Most parents are filled with joy — and, ironically — worry as soon as their child is born. Are they eating enough? Are they sleeping enough? Should they be crawling or sitting or speaking by now? Every child develops at their own pace, but certain developmental milestones should be happening at specific age ranges.
Developmental screenings can help you understand those milestones and if your child is meeting them. The American Academy of Pediatrics (AAP) recommends developmental and behavioral screening for all children during their well-child visits at the ages of 9 months, 18 months, and 30 months.
At Sima Stein, MD, located in San Jose, California, board-certified pediatrician Dr. Stein can evaluate your child’s development during their annual physical or when you have concerns. One of the benefits of early and regular developmental screenings is that these assessments can help identify a problem early when intervention is most successful. According to the Centers for Disease Control and Prevention (CDC), 1 in 6 children have at least one developmental delay.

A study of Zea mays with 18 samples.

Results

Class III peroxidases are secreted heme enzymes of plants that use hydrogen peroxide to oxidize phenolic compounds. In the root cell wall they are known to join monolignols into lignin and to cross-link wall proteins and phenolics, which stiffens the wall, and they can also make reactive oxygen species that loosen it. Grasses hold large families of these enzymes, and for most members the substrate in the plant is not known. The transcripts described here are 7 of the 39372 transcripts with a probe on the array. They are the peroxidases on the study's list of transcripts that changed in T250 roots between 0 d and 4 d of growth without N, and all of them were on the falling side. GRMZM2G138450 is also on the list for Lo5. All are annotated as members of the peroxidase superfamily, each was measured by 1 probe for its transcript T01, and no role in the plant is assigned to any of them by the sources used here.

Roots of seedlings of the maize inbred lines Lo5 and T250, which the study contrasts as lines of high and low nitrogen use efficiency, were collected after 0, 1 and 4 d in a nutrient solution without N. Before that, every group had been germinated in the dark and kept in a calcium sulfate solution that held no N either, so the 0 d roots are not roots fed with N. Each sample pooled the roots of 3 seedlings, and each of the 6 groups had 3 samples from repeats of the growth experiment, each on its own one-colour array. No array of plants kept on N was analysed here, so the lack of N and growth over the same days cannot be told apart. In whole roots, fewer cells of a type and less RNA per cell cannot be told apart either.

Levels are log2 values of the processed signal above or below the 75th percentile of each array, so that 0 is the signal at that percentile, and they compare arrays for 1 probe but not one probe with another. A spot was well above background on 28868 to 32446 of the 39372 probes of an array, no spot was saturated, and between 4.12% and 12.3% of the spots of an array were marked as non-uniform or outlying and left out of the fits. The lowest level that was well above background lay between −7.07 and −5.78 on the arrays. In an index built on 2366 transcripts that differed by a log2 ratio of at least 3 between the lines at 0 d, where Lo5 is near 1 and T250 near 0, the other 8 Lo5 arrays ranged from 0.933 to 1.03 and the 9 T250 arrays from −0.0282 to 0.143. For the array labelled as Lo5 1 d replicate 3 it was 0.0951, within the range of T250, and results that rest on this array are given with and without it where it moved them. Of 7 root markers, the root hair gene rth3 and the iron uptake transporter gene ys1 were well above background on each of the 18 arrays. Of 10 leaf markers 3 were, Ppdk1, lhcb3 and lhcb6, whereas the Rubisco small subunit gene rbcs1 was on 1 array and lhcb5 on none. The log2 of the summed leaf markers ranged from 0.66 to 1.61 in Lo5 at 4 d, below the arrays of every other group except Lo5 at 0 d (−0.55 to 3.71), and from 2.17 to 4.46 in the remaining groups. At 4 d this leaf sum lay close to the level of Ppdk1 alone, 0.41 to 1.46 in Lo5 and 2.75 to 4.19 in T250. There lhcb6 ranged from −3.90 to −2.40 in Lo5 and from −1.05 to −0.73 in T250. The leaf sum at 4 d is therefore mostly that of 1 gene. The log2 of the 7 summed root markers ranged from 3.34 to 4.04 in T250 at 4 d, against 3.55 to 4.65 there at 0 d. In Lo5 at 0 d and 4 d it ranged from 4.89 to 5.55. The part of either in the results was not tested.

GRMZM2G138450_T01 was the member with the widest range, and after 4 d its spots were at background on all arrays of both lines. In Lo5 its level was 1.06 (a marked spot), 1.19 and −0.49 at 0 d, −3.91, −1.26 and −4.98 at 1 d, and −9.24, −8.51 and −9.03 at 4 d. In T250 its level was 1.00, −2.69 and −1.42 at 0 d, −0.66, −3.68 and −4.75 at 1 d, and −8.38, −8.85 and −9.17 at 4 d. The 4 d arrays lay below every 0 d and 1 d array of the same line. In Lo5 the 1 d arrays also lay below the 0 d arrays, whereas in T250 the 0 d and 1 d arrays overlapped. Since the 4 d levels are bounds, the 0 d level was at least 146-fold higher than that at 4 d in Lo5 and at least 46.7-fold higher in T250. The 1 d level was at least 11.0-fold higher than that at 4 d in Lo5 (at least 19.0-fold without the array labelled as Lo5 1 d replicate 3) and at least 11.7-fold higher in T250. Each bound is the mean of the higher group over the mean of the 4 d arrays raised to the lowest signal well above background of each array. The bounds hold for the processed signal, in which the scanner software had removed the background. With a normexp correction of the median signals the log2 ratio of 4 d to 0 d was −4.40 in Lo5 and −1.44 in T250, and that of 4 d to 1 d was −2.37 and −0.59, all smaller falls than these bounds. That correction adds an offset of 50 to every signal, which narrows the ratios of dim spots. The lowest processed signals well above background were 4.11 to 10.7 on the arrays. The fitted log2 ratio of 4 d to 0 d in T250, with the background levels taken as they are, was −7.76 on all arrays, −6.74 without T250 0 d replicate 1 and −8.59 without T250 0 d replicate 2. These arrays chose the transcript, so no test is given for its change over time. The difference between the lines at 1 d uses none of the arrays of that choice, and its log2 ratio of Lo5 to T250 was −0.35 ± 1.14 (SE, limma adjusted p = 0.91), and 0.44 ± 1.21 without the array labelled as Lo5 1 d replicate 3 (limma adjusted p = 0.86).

What happens at your child’s first developmental screening?
Dr. Stein evaluates and examines your child at every annual checkup and answers questions. A developmental screening, however, is a more formal evaluation. These screenings assess your child’s developmental progress in critical areas, which include motor skills, language and communication, social-emotional development, and cognitive skills.
A developmental screening consists of developmental and behavioral questions for you to answer regarding your child’s development, language, movement, thinking, behavior, and emotions. Additionally, Dr. Stein will ask your child questions and observe them and may ask you to interact or play with your child.
Some milestones for 9 months old toddlers include:
- Looks at you when you call their name
- Lifts their arms to be picked up
- Smiles or laughs when you play games like peekaboo
- Sits without support
- Makes sounds that sound like “mama” and “dada”
While you don’t have to prepare your child for this visit, it’s always a good idea to come prepared with any parenting or developmental questions.
What a developmental screening can reveal
A developmental screening can’t diagnose a particular condition like autism or a learning disability. But, it can detect a delay that indicates further testing may be necessary.
Every child develops at their own pace, and most delays resolve on their own. Depending on the screening results, Dr. Stein may recommend at-home developmental monitoring or refer you to a specialist.
Ready to schedule your child’s first developmental screening? Call the office of Sima Stein, MD, or request an appointment through our online scheduler.